Los Po-Boy-Citos came out of the box dancing in 2008 with New Orleans Latin Soul, an ingenious hybrid of 60s-style Latin boogaloo and New Orleans second line funk, and followed it up with the lively Brand New Dance. While collecting acclaim, the band worked hard to develop its own sound, and a third CD, the just-released Hasta, offers the clearest picture of where Los Po-Boy-Citos have been headed all along.
“We know we’re gringos in a sense,” says guitarist Matt Sakakeeny, ”but we love this music. We come to it from our own perspective. It has Latin rhythms and the lyrics are in Spanish but it’s pretty dissimilar from Latin music played in other cities. It’s not salsa, it’s not son. This wasn’t about creating something traditional and deeply rooted, it was about urban American music.”
The idea of Los Po-Boy-Citos dates back to right after the federal flood of 2005 when New Orleans music had to be recreated by those who returned to the city. “As musicians we had to learn how to play it,” Sakakeeny explains. “It was a really interesting trial and error process. We would take things like Rebirth Brass Band’s ‘Feel Like Funkin’ It Up’ and try to do a boogaloo version but it didn’t work. Through trial and error we found out what was needed. It basically came down to a Latin rhythm section with a funk bass and guitar and a New Orleans style horn section.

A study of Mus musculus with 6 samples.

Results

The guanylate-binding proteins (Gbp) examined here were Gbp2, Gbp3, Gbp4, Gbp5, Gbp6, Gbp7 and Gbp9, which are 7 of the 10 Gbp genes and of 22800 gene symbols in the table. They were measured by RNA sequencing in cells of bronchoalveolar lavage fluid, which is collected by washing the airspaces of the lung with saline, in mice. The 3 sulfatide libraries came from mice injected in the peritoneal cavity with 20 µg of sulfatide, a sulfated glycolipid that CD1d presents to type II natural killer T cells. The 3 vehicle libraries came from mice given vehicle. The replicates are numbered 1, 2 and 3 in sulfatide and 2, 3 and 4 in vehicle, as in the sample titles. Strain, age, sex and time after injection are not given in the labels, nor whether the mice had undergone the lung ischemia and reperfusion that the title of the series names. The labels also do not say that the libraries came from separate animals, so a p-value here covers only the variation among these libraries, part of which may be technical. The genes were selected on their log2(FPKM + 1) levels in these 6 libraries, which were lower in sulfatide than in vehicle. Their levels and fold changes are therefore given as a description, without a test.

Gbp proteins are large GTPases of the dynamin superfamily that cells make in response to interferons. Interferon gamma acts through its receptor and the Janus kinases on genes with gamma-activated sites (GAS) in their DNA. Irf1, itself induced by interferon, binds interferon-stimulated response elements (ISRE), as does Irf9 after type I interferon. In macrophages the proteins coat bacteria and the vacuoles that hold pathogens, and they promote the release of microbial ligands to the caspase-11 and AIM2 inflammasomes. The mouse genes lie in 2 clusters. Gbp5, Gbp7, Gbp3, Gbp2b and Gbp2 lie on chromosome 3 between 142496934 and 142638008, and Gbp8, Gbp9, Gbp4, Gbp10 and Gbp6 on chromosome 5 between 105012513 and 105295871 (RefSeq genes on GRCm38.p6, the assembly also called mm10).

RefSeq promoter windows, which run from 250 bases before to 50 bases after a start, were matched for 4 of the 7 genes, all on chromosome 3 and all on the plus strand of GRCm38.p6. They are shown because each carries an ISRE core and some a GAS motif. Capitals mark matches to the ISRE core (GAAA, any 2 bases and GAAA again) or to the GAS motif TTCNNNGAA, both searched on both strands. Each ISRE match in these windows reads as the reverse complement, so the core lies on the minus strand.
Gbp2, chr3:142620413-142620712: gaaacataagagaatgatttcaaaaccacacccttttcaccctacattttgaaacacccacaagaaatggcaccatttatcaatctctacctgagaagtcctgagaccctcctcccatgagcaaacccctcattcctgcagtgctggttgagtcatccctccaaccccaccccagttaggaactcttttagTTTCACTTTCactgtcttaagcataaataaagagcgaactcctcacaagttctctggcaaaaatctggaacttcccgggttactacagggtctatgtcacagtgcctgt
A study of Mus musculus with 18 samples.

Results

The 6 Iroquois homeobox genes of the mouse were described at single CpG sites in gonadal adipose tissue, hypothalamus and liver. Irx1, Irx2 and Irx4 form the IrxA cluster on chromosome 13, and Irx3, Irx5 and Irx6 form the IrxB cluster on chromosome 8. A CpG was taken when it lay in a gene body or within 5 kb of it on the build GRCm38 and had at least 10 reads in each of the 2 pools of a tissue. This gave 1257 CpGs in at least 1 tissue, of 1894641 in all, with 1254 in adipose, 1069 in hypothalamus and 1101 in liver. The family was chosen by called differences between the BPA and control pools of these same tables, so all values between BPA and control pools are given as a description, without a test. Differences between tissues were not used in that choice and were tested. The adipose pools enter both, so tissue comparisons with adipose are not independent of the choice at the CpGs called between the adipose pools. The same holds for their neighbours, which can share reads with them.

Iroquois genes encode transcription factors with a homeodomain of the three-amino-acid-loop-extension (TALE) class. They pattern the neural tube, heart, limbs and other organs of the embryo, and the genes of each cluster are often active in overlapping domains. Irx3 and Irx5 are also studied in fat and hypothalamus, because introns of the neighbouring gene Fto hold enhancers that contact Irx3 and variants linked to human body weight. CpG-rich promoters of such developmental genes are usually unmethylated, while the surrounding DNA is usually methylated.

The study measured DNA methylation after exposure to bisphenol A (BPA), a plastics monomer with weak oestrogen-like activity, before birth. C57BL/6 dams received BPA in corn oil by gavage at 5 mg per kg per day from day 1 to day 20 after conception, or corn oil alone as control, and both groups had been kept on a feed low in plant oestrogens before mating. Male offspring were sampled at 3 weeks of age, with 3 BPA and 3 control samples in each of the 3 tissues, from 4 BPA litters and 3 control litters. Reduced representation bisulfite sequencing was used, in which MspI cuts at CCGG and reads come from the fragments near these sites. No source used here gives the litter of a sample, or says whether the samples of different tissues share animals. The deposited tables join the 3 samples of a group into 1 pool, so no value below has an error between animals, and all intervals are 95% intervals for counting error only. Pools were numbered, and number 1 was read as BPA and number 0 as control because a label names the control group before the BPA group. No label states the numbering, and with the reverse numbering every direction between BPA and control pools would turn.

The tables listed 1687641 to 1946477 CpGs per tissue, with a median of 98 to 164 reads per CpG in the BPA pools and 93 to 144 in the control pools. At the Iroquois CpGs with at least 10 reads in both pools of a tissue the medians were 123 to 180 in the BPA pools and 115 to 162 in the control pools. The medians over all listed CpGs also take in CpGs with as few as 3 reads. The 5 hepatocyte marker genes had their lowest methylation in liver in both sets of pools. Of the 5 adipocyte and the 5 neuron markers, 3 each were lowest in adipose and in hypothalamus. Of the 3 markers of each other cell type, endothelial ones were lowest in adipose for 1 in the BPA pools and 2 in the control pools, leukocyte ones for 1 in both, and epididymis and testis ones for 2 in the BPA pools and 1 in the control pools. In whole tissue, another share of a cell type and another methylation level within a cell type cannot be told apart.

“In 2006 we played a lot at Café Brasil, which was a great training ground. The first record covers Joe Cuba, Mongo Santamaria, a little Tito Puente, we just kind of immersed ourselves. We had to master the style before we could find our own voice.”
Sakakeeny believes that voice has emerged on Hasta. The band wrote the songs next door to bassist Dan Cutler’s house in the Holy Cross neighborhood. Then they went to Sakakeeny’s house and cut it live with producer Andrija Tokic (Alabama Shakes, Hurray for the Riff Raff).
“We’re always trying to find where the Latin rhythm intersects with the New Orleans rhythm,” says Sakakeeny. “It’s rarely a case of ‘We need a cumbia rhythm for this song or a clave rhythm or a cascara rhythm’, which is all over this new record. Michael Skinkus plays the shell of the timbales to get that rhythm. You can hear it on ‘Mary Wants to Boogaloo’.”